According to case studies by Gilead, the company that makes the drug, it is administered intravenously and is said to block an enzyme that is required for viral replication in otherwise healthy cells.

One local health official said she’s followed clincal trials closely.

“It did seem to shorten hospitalization, I think it was from 14 or 15 days down to 11,” explained Dr. Pam Hudson CEO of Crestwood Medical Center.

Hudson said the drug did not appear to have the same favorable impact on mortality. However, she said it’s still early and that could change, considering some local hospitals already have access to the drug.

“That is great news that medication has been available to hospitals under either a clinical trial, so it has been in the, in the armamentarium for your local hospitals for weeks,” she explained.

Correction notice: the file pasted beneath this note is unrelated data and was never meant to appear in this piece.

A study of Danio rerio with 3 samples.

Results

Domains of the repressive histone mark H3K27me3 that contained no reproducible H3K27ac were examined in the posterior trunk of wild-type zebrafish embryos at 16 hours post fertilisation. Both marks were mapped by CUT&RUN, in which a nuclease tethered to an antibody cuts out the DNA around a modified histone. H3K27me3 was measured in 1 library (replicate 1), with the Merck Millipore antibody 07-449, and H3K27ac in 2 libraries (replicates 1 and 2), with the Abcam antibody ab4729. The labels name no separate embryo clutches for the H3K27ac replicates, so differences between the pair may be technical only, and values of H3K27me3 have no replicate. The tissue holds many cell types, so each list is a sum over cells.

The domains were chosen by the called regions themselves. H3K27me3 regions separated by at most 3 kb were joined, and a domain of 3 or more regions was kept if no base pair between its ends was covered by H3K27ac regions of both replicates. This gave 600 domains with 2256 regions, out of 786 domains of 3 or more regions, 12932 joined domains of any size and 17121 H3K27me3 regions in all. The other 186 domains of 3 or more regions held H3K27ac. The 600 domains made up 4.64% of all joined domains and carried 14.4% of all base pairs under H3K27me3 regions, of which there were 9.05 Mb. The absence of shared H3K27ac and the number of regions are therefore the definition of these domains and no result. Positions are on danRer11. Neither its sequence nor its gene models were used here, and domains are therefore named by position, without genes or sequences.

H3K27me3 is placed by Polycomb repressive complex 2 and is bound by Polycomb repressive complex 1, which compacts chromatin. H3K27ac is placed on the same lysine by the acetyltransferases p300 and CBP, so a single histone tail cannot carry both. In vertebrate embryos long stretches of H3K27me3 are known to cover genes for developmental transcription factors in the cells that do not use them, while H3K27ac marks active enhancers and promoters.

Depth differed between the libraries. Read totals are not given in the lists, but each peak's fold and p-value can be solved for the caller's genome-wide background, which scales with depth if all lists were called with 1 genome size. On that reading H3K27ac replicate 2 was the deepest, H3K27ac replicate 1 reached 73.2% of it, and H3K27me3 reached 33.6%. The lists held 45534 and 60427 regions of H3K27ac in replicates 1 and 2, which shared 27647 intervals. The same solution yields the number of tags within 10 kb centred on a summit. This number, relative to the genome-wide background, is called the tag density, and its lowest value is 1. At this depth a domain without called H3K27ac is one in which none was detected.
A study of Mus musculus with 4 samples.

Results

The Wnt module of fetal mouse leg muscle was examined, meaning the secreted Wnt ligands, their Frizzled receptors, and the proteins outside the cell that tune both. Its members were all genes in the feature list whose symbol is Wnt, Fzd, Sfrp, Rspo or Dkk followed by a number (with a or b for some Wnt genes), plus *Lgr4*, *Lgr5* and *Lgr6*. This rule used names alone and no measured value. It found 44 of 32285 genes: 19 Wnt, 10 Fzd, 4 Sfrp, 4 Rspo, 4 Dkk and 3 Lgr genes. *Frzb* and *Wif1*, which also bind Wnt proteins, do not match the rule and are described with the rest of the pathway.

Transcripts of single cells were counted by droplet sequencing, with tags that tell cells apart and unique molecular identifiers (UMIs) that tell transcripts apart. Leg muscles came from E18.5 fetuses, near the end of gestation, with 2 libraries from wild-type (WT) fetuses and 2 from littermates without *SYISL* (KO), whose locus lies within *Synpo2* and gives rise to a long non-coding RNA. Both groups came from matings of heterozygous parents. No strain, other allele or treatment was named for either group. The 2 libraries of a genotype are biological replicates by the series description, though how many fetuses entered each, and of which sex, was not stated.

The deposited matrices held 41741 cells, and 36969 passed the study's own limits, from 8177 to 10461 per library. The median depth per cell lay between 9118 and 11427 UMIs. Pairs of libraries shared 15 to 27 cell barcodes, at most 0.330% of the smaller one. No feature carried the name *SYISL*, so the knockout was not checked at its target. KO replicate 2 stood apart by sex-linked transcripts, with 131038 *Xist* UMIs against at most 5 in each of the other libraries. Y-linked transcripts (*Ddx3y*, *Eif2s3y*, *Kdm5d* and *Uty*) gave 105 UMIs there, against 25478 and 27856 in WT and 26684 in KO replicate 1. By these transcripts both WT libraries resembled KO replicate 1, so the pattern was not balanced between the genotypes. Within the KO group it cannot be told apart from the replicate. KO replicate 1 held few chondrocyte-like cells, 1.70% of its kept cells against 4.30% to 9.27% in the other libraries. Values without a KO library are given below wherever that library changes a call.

According to the Alabama Department of Public Health, Alabama scientists played a major part in the medication’s development.

“I’m very proud of the fact that the University of Alabama in Birmingham, UAB, they had a very big role in Remdesivir,” said Dr. Karen Landers with ADPH. “I mean we have some of the finest medical minds, some of the finest biologists in the world right here in Alabama, and the data looks very promising for Remdesivir.”

Landers, who is also a practicing physician, said it’s important to continue analyzing trial data.

“We expect more information to be coming out regarding this drug, regarding the use of this drug and again, we are encouraged at the way this looks,” she added. “But we really need to see that data to know how this will perform in a larger population of people who have COVID-19.”

The US government said it’s currently working to make the medication available to patients nationwide as quickly as possible.

The Federal Drug Administration approved emergency use of the drug for treating novel coronavirus patients on May 1.